The Suwannee River Wilderness Trail has been added to the National Trail System. The Department of Interior added 30 new trails, almost 1300 miles, to this network of outdoor recreation opportunities.
The announcement from the Department of Interior describes the Suwannee Trail this way: "The majestic 235-mile Suwanee River begins just below the Okefenokee National Wildlife Refuge in southeast Georgia. The meandering waterway then coils through the heart of north central Florida, ending in the Lower Suwannee National Wildlife Refuge on the Gulf Coast. Steeped in rich culture and history, this beloved river remains a wild natural wonder with endless delights for adventurous explorers."
Because we believe that building toll roads through our rural region would significantly damage the habitat and wildlife that our Refuges were established to conserve, Friends joined the coalition No Roads to Ruin.
Friends recently signed-on to a letter from the coalition outlining the reason all members of the coalition oppose the roads. We also sent our own letter of opposition.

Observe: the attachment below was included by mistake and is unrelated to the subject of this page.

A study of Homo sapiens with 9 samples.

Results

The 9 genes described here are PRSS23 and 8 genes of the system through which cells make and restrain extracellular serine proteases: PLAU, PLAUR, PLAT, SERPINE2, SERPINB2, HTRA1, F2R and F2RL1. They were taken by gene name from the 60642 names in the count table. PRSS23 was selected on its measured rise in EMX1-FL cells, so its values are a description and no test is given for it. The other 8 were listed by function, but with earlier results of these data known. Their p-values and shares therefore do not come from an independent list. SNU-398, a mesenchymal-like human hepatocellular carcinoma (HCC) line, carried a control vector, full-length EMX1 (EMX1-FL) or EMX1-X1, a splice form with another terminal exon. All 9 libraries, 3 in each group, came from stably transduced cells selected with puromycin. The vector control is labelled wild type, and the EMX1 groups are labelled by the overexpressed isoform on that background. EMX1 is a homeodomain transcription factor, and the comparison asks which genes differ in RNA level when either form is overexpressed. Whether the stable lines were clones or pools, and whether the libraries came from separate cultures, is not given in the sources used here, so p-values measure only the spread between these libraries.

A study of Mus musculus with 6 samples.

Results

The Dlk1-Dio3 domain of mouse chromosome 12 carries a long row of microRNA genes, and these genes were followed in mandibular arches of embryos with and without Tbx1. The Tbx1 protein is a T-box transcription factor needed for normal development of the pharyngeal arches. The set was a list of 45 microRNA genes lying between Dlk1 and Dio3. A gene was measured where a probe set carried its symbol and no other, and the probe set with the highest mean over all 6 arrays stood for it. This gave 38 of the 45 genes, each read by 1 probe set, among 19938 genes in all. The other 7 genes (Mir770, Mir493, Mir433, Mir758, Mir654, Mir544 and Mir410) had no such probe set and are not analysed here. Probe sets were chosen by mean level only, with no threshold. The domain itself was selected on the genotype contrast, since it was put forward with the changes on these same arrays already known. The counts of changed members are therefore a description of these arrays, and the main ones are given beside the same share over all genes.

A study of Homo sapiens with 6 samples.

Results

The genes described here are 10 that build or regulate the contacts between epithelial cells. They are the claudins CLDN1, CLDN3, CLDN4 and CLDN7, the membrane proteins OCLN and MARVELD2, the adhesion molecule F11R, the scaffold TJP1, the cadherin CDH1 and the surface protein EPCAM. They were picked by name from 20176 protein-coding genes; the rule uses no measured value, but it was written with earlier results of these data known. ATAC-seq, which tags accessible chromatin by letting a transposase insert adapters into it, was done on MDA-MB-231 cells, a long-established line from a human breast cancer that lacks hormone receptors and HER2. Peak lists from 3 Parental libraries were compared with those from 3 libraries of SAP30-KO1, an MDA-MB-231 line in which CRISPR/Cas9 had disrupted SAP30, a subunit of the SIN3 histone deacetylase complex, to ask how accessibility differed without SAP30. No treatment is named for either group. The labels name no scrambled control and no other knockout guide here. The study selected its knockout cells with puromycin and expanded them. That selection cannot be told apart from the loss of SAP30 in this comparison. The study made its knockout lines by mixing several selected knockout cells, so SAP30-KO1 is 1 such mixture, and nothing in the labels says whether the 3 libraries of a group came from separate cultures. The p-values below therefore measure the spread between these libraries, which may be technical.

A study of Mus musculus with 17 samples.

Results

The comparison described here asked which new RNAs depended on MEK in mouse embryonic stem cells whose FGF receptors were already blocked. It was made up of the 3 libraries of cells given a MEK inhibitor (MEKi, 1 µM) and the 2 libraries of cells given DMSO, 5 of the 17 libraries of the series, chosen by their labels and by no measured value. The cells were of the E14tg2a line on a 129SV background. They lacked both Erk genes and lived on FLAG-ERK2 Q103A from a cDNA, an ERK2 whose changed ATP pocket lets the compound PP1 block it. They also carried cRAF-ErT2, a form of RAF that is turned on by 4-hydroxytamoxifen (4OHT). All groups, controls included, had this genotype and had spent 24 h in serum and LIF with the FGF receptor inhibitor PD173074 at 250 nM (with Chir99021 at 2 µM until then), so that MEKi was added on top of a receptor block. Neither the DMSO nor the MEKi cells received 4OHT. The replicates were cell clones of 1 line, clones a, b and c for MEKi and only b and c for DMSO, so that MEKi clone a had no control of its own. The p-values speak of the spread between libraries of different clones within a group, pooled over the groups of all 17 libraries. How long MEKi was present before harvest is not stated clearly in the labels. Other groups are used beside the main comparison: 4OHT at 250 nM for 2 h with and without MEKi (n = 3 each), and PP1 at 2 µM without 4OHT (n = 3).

Friends of the Lower Suwannee & Cedar Keys National Wildlife Refuges is, as you know, an independent nonprofit 501(c)(3) corporation registered in Florida.
In part because of a Report from the Office of the Inspector General of the Department of Interior, the U. S. Fish and Wildlife Service now requires that in order to become part of the official National Wildlife Refuge System friends program, each independent Friends organization must sign a Partnership Agreement by the end of this year. We would remain a 501(c)(3) nonprofit, however we would agree to additional monitoring and oversight by the Government.
The Friends board is weighing the implications of signing the Partnership Agreement or of remaining unaffiliated with any Government agency.
The headquarters building and Welcome Desk remain closed because of Covid 19 guidelines.
Nevertheless, the refuge staff continue their work unabated. Trails and roads are being maintained, despite the vigorous efforts of feral swine to make a mess of them. Shell Mound Trail has receive enhancements.
Vic Doig, George Pelt, and Sterling Valentine have all been fighting fires out west.
Also, in response to a proposal submitted in the spring, the Refuges have received additional funding to improve fishing access and safety. These funds are in addition to the grant funds received earlier to restore hydrologic flow across the Lower Suwannee Refuge.